Before I joined WTF1, many of you who knew of me knew I was a prominent member of the Sebastian Vettel fan club. Can I let you in on a little secret readers? Just between us? The Aston Martin final chapter of his career was a failure.
There’s no getting around it at this point. The car wasn’t good enough compared to even the Racing Point era, let alone a viable contender, and Sebastian Vettel, while good, wasn’t blowing Lance Stroll away to the point where he could justify being the team’s focal point.
It’s amazing how a regulation change can shake things up. Aston Martin goes from seventh in the field to a regular podium finisher and a challenger for second in the Constructors’ Championship.
Fernando Alonso would be a shoo-in for Driver of the Year if it wasn’t for the dominant brilliance of Max Verstappen. Eight races, six podiums and the nearest anyone’s come to beating the mighty Red Bull in Monaco, and that defeat wasn’t on the driver. Alonso’s taken that Vettel and Verstappen-esque antagonist role, the thorn in the side of the dominant team, and been the season’s biggest breath of fresh air. And he’s 42 next month!
But it’s hard to talk about Aston Martin’s rise as a team without talking about the Canadian across the garage. As Fernando’s flourished in this new era of the team, Lance Stroll has struggled.
Stroll is now a whopping 80 points behind his teammate. He earned some early goodwill by rushing back from a pre-season injury and driving in Bahrain with two broken wrists, but he’s gotten worse as the season’s gone on. His reputation as a wet weather specialist has even come into question after crashing at Monaco while on Inters, and on home soil he failed to get out of a damp Q2 – whereas Alonso was Verstappen’s biggest threat over the weekend.
Now, no one reasonably is expecting Stroll to match Alonso’s quality over a season. The latter is a debatable top-10 all-time driver in F1 history. But the gap is so large, Stroll battling more with good friend Esteban Ocon’s Alpine than the Top 3 where Alonso lies, that it’s opening the door for the more consistent lineups at the top end of the sport to punish Aston Martin. There’s little doubt to me that Stroll is the sole reason that Aston Martin’s sitting third rather than second.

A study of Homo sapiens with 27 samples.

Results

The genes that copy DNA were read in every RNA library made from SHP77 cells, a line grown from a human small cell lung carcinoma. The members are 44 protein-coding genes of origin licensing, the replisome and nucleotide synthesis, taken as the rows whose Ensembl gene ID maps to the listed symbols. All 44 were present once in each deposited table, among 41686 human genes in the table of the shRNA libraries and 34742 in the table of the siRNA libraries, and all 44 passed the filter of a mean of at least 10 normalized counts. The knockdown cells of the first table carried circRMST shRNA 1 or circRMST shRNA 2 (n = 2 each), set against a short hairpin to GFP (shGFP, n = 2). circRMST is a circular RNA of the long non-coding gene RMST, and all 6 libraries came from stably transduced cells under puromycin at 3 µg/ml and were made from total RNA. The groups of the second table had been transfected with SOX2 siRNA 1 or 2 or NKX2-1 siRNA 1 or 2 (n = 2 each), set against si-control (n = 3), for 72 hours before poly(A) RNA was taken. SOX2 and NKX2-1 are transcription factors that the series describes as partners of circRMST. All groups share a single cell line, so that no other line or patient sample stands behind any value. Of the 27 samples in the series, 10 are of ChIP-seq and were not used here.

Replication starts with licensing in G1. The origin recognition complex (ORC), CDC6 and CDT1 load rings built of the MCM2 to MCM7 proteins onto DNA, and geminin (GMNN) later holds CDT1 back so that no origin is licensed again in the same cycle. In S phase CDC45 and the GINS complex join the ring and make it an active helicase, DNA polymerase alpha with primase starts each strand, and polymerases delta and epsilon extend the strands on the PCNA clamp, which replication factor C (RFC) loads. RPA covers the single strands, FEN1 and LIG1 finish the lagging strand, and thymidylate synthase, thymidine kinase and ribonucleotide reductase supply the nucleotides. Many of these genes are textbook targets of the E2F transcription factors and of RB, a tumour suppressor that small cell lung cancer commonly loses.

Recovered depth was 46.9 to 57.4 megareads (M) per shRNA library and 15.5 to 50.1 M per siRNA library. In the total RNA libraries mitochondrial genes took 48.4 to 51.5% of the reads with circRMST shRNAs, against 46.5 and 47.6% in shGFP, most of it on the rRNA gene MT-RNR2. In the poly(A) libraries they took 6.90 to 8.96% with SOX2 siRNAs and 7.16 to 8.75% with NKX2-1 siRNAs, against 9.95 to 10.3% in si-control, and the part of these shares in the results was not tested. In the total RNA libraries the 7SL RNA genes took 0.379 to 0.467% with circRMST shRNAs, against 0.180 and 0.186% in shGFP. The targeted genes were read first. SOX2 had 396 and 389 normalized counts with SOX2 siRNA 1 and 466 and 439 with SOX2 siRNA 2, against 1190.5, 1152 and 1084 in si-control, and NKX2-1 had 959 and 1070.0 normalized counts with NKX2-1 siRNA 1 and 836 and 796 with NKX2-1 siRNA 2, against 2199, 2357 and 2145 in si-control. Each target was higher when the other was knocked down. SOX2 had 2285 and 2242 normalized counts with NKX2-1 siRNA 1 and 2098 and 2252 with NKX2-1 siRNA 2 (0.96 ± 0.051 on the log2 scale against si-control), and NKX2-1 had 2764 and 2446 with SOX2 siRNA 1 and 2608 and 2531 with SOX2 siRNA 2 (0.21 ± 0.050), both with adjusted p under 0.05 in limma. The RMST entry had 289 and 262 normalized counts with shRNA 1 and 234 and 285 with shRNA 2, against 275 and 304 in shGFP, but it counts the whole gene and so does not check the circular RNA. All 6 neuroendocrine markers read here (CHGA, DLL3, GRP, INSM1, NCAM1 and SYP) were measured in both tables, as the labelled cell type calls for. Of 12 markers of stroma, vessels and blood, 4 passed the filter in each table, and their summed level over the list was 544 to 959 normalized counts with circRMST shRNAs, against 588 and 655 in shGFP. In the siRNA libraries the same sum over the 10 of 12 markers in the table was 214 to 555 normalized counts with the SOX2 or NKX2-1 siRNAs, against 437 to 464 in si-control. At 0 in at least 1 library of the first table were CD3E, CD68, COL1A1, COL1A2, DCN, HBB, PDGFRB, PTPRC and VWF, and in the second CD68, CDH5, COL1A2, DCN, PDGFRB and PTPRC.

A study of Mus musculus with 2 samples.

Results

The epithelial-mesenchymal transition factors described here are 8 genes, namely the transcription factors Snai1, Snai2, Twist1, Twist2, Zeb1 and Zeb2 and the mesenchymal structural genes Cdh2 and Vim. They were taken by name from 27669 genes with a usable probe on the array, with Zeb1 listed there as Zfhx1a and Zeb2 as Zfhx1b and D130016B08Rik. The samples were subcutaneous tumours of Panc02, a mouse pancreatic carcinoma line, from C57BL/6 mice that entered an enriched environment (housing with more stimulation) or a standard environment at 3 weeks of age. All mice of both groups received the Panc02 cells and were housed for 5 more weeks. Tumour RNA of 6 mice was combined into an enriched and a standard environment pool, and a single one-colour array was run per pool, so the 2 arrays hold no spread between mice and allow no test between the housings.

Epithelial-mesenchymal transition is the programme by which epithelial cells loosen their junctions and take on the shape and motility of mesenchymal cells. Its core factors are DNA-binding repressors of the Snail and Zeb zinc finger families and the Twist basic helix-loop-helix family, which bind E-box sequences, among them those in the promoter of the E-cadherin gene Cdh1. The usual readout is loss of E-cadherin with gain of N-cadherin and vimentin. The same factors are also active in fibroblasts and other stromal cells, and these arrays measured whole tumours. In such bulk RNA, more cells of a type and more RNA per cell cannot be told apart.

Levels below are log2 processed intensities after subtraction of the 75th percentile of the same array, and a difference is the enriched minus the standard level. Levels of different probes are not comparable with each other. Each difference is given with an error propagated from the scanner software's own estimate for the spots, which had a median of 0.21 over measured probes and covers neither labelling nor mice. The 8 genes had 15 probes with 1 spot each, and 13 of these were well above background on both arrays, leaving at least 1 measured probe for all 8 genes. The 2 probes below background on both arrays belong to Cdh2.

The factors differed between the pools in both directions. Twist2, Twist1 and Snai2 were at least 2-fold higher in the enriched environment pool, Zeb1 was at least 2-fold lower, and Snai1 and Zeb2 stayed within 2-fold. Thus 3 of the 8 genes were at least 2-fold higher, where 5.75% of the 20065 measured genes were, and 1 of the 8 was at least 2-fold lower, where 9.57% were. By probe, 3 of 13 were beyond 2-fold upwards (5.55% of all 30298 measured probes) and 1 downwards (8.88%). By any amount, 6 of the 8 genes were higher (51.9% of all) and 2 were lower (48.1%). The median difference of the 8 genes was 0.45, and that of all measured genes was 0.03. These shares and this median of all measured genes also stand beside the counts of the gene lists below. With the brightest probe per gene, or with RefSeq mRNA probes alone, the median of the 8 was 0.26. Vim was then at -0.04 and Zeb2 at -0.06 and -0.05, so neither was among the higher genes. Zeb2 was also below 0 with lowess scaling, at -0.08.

The early going of the Canadian GP perfectly summed up the situation. Alonso followed and eventually beat Hamilton head-to-head at the Englishman’s arguably greatest track, and until he hit the wall, George Russell was right there with them.
On the whole, Russell has been a worthy adversary of Hamilton since joining the team in 2022. And with Stroll barely getting a couple of points with the help of Norris’ strange penalty and a last-minute drag race with Valtteri Bottas after starting from 16th shows not only the difference in quality between the two Aston drivers but also exactly what Aston is missing.
They aren’t the plucky underdog midfielder anymore. They’ve poured a huge amount of money into a new factory that’s a year from full completion, big-name drivers with mixed success, and now a Honda engine partnership entering 2026. A huge statement of intent from Stroll senior, taking the current Champion’s supplier.
That could a ticking time bomb for this team. You can’t reasonably expect Fernando Alonso to still be here when the new power units come. He’ll be entering his Age 45 season, and we haven’t had a driver of that age on the grid since Graham Hill in 1975. As it stands, after 130 starts and this being year 7 of his career, has Lance Stroll shown anything long-term to suggest he can spearhead a top-tier team?
Throw in a new massive partner who is actively pushing for Japanese representation in a racing world where Yuki Tsunoda is shining in a terrible AlphaTauri car, and Ayumu Iwasa is in a Formula 2 title campaign… there’ll be pressure from within to make bolder moves.
It’s always been hard to talk about Stroll with any sense of jeopardy because of his Dad’s position, but with Aston Martin now being evaluated on a much higher level, would Lawrence, the father who’s plunged many millions of pounds into giving his son the career he’s had, dare release him for the greater good of making his F1 team truly successful? Would it take Aston Martin’s board to force the issue?
In any case, Lance Stroll needs to find some form quickly, or else he’s going to put his Dad in a very difficult situation.
Should Lawrence dare remove his son? Let us know in the comments.